Any student at the University of Dallas who is a member of Constantin College will be familiar with the politics department. Housed on the second floor of Braniff, students will find some of UD’s brightest professors passing on the insights and knowledge of some of history’s greatest political philosophers to students. From Aristotle and St. Augustine, to Alexis De Tocqueville and Thomas Jefferson, one will encounter the titans who shaped how we view politics today, both as Americans and as Catholics.
One will also find opportunities to experience politics in a different way, by setting down the books and undertaking internships. Whether it be in a local representative’s office or in the capital building of the nation, the politics department frequently presents UD students with chances to leave the UD bubble and experience politics for what it really is.
Or so that’s how it may seem. On the surface, taking the metro everyday to work in Washington DC for a senator and debating “The City of God” may seem like distant, if not entirely separate worlds. But as I discovered this past week, the ideas of the politics major core and the realities of political life are in fact not only more closely connected, but in some cases, inseparable.
Two weeks ago, I had the opportunity to be a part of the First Liberty Fellowship, which was hosted by a think tank called the Center for Culture, Religion and Democracy and held in Washington. Over the course of several days, I, along with multiple other students from various universities were given a tour of the city’s monuments and got to hear lectures on a variety of topics. Though the speakers had many different lessons for us to learn, the talks all had the same underlying theme: that success in real world politics and a secure understanding of the classical and Christian political tradition go hand in hand.
One talk by Dr. Ryan Anderson, who has taught courses on natural law theory and its political application at UD, spoke on the impact that think tanks have on legislation in Congress. Working at one of these institutions requires one to have many skills, including the ability to conduct excellent research, articulate ideas clearly, and work out how to apply them into passable law. These abilities are quickly learned by UD students who strive for excellence; being diligent with detail and formulating well thought out ideas are not exceptions to the rule in most classes, but rather are considered expectations if one is to do well, and think tanks are no different.
But besides encouraging students to be thorough in their work, the lectures also stressed keeping a solid foundation of principles when conducting their political life. One lecture spoke on running for office as a traditional Christian. It provided guidelines for navigating the often dark and dirty world that is politics, yet while being a source of light to illuminate the darkness with the message of the Gospel. Another talk stressed that Christians in the political sphere must keep the Word close to them at all times — daily prayer, Scripture reading and Christian fellowship are essential to remaining loyal to Christ while engaging in politics.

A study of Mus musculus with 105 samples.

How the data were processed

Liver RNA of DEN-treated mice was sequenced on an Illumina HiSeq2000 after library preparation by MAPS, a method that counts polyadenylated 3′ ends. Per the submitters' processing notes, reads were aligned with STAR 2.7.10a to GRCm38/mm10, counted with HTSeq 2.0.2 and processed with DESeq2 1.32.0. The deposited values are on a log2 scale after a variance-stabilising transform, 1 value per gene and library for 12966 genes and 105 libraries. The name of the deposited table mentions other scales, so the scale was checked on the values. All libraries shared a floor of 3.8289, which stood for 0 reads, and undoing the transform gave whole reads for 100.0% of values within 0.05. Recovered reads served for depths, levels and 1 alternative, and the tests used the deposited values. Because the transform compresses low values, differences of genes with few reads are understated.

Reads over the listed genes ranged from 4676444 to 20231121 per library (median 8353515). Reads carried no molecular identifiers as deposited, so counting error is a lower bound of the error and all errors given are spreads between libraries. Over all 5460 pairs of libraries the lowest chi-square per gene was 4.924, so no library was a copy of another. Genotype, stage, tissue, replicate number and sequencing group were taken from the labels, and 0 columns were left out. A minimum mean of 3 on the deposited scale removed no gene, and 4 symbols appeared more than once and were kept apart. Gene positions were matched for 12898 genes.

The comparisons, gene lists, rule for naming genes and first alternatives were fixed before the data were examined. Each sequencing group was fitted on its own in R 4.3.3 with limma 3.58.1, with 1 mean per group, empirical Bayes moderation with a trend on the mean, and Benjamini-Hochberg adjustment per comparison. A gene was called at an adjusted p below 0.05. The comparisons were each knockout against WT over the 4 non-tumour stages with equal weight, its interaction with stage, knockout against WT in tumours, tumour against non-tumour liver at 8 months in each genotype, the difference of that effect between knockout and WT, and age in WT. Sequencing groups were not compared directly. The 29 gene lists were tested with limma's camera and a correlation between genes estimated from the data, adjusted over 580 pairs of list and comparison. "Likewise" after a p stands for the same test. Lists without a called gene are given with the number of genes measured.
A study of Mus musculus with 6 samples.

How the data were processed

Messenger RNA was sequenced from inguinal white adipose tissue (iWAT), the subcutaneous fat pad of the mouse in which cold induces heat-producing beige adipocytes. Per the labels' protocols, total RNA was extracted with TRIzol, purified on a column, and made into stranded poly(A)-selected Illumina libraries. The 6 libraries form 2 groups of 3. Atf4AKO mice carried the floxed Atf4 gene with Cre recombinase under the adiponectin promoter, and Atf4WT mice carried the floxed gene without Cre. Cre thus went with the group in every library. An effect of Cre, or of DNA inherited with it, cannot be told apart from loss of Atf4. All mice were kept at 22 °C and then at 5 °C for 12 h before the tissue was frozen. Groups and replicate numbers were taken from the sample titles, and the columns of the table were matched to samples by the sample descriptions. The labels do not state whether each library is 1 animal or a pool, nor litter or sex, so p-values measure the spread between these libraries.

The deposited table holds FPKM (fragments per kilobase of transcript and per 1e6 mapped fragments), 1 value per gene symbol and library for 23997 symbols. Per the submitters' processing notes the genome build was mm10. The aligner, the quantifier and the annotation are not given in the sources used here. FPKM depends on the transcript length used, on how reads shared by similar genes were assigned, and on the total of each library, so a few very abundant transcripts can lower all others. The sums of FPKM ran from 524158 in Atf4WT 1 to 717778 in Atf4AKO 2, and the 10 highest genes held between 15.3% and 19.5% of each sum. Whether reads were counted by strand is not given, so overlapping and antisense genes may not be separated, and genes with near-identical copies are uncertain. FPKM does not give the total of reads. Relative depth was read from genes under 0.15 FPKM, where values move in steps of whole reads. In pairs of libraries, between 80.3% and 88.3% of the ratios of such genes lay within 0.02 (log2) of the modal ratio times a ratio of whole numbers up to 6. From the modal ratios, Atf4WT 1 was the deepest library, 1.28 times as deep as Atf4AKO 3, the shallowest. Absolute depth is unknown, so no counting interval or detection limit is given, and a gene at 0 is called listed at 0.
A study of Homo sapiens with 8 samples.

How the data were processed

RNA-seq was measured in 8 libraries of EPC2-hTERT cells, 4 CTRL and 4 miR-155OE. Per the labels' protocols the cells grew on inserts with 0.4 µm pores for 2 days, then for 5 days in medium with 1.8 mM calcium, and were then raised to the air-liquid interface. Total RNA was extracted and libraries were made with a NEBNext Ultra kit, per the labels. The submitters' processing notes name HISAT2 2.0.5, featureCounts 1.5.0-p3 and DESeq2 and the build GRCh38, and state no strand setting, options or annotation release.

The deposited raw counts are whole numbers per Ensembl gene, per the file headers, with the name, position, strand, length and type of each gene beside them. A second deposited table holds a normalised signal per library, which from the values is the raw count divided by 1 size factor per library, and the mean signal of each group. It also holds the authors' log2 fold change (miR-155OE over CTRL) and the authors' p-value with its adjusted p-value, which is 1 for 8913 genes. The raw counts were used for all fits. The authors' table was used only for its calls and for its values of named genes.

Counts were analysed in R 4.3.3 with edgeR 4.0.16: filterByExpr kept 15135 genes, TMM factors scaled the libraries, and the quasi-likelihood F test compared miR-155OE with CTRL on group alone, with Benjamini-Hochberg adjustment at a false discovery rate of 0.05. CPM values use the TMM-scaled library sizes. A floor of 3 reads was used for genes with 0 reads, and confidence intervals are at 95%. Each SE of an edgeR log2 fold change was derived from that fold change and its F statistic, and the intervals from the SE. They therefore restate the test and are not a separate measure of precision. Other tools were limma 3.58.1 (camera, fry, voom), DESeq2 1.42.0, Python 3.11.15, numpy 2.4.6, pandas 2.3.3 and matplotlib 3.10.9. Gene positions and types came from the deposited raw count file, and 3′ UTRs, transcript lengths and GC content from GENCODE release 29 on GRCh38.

The conference itself was structured around these ideas. For example, almost every day there was time set aside for group prayer, using the morning prayers or compline from the Book of Common Prayer, a text used to some degree by all of the major Christian traditions.
The main point of the conference was clear: one can be grounded in the timeless principles of the Western political tradition and also be involved in real world politics. The writings of the UD Politics Core are remembered today for a reason; they spoke to the fundamental insights of man and his desire for political community. Yet these ideas can’t just remain in books. They have to be applied practically if their true power is to be utilized. These two concepts are inseparable; if one has principles without power, his ideas will be ineffective and help no one. If he has power without principles, he will quickly devolve into corruption and a host of other despicable vices.
I encountered these truths first hand while living in Washington this past summer while working an internship. The Aristotelian idea of the “friendship of utility” is very real — I met many interns only to be quickly disappointed when they were only interested in what I could do for them — asking who I worked for, how much money I made, etc.
But there was a hidden blessing in this. The conservative Christians of the city figure out who their friends are very quickly, and soon you begin to see them everywhere. The District of Columbia is a small city, so you will often run into them on the metro or on the streets. You all go to the same lectures, read the same books, and then go to the same bars to discuss said books. Real friendships, based on a love of Christ and love of man, are formed. In a way, the capital becomes a UD away from UD, a place where you can cultivate virtue despite the chaos that’s outside.
There is temptation in every job you work and every decision you make. But as I learned from these experiences, the education of ideas at UD can easily serve you in all modes of life, including those in the realm of politics. It can be daunting, but we must be ready to face these challenges head on, and to trust in our principles no matter what we are called to do.